1975: Arista/BMG/Buddha 74465 99803 2
My sister had this record when we were in our teens and it was a solid favorite for both of us. As soon as it was released on CD I got us each a copy, and weve been rocking out to it happily ever after. Although theres a too-sugary tinge to some of it, as with much excessive-1970s-radio fare, it also has some great bumpin-and-grindin material such as Love Havin You Around and Its Gonna Be Alright. Midnight Blue got played to death in the mid-70s, so I never liked it, and that was the case with Just Too Many People as well. The final track, by Randy Newman, is really, really good.
Another thing this record had/has going for it is its kick-ass studio band. I dont know if she ever got to play these tracks in concert with those musicians, but I do know they laid down some fine stuff of the caliber of the Blues Brothers soundtrack. An outstanding encapsulation of this quality can be found on Love Havin You Around, which rips into action with some keyboard flourishes that make me gasp in appreciation even now, and then thumps sensuously into a nasty groove that tugs and teases, throwing itself off-balance in the passion of its choruses before resuming with more intent for the next choruss bigger build. Ive not yet heard Stevies original version of this one, as Ive had this rendition solidly in my consciousness for nearly 30 years, and the archly hot brass-keyboard-drums work here keeps me enslaved. Plus which, of course, Melissas vocal delivery is exactly up to the challenge presented by the arrangement (and possibly a touch greater, but maybe thats a matter of tastes).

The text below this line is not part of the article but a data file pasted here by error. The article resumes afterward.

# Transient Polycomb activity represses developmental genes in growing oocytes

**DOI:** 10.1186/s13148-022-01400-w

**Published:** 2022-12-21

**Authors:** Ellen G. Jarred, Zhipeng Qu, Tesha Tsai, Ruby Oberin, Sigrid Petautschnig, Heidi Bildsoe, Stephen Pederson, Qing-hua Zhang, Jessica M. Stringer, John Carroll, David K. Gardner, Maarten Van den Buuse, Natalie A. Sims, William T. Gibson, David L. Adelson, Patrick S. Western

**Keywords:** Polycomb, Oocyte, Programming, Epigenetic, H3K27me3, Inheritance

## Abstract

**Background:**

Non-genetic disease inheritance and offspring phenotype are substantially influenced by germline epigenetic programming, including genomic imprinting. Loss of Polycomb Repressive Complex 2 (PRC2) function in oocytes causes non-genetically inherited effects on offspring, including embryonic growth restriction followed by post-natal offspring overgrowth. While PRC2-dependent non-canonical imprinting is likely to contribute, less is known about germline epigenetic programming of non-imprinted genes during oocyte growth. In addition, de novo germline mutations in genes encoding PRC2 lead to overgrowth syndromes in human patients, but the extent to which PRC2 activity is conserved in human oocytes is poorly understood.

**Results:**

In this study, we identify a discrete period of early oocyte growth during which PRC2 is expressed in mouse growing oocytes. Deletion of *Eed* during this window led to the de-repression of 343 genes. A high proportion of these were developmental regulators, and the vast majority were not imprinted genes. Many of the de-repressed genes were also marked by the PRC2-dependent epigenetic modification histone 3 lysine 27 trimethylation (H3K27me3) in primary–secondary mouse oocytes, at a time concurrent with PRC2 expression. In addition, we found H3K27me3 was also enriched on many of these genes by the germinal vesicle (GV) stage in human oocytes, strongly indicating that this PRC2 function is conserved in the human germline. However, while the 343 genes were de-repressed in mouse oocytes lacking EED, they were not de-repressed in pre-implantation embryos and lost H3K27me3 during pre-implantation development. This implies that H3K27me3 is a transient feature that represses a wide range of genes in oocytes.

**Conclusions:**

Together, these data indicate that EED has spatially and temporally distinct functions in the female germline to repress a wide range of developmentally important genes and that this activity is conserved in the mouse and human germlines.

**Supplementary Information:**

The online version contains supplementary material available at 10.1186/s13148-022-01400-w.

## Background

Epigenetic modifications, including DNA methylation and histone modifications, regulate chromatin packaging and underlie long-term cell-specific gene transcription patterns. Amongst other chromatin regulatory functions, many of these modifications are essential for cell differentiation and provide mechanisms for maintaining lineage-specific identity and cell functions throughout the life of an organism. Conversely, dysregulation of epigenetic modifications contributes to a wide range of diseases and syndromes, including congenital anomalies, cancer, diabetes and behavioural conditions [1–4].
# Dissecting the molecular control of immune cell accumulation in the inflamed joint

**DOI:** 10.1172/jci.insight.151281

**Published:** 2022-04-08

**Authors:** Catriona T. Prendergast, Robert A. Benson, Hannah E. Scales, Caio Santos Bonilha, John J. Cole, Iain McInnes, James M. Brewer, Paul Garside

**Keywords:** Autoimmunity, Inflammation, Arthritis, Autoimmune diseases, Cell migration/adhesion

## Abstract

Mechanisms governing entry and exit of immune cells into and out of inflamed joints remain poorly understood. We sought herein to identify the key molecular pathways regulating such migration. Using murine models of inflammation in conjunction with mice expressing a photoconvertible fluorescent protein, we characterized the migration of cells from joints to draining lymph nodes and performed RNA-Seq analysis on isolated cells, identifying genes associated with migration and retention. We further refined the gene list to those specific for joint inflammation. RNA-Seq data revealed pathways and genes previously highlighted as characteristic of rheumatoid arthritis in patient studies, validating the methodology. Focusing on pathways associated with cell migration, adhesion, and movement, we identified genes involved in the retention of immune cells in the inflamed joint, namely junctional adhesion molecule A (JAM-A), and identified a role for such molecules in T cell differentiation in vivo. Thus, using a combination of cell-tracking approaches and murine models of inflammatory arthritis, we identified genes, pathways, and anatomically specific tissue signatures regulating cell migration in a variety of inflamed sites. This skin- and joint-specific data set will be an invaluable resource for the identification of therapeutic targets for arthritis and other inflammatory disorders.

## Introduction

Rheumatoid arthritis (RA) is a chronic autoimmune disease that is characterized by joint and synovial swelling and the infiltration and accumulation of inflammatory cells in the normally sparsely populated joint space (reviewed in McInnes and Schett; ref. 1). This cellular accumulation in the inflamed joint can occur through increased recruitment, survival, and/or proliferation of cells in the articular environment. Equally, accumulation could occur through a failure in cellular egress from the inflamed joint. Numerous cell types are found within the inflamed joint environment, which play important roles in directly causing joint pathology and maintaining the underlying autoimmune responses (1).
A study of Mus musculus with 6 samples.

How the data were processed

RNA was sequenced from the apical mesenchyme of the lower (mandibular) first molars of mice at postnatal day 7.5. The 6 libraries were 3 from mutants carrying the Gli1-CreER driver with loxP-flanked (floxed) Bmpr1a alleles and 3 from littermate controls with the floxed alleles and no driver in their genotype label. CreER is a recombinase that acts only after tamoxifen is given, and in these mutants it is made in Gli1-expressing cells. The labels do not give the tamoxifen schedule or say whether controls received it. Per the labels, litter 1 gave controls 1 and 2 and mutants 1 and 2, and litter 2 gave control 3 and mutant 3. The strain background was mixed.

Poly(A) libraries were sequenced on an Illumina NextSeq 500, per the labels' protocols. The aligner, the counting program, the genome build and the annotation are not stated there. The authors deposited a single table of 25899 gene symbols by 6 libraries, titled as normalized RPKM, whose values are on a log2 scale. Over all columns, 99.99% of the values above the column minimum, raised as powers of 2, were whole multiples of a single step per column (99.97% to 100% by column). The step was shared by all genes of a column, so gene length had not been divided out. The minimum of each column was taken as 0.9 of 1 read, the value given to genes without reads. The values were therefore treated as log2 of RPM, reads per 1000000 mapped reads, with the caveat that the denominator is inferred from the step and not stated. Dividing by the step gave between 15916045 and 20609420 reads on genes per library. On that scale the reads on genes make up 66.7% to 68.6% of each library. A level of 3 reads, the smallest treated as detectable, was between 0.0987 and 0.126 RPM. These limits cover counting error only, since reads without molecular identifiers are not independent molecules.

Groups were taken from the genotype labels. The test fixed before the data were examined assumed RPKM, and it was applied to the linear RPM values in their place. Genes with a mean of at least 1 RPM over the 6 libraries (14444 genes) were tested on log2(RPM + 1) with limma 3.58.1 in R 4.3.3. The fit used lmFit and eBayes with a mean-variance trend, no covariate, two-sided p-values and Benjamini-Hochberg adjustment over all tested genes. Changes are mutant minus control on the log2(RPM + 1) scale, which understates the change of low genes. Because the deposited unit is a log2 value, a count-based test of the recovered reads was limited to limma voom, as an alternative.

I consider myself very fortunate to have had this album introduced to my musical spectrum when it was, because, although the 1970s certainly provided the world with an amazing array of drearily ego-bloated bombastic singer/songwriter outings that belatedly thought they could tap a momentary (and past) trends morbid swan song, there truly were a handful of genuine musicians presenting worthy albums then. This is one of those, for me anyway, and what still strikes me (and continues to convince me that its solid) is Manchesters vocal immediacy and intimacy: these tracks (or at least the ones Im highlighting here) are as fresh and engrossing for me now as they were three decades ago. Mostly theyre also fine pop compositions (whether by her, Stevie Wonder & Syreeta Wright, Carol Bayer Sager, Randy Newman, or co-written with instrumentalists), but on the rockier numbers things certainly get a dirtier and hotter delivery than is written into the song itself.
Comments © 2005 Mark Ellis Walker, except as noted, and no claim is made to the images and quoted lyrics.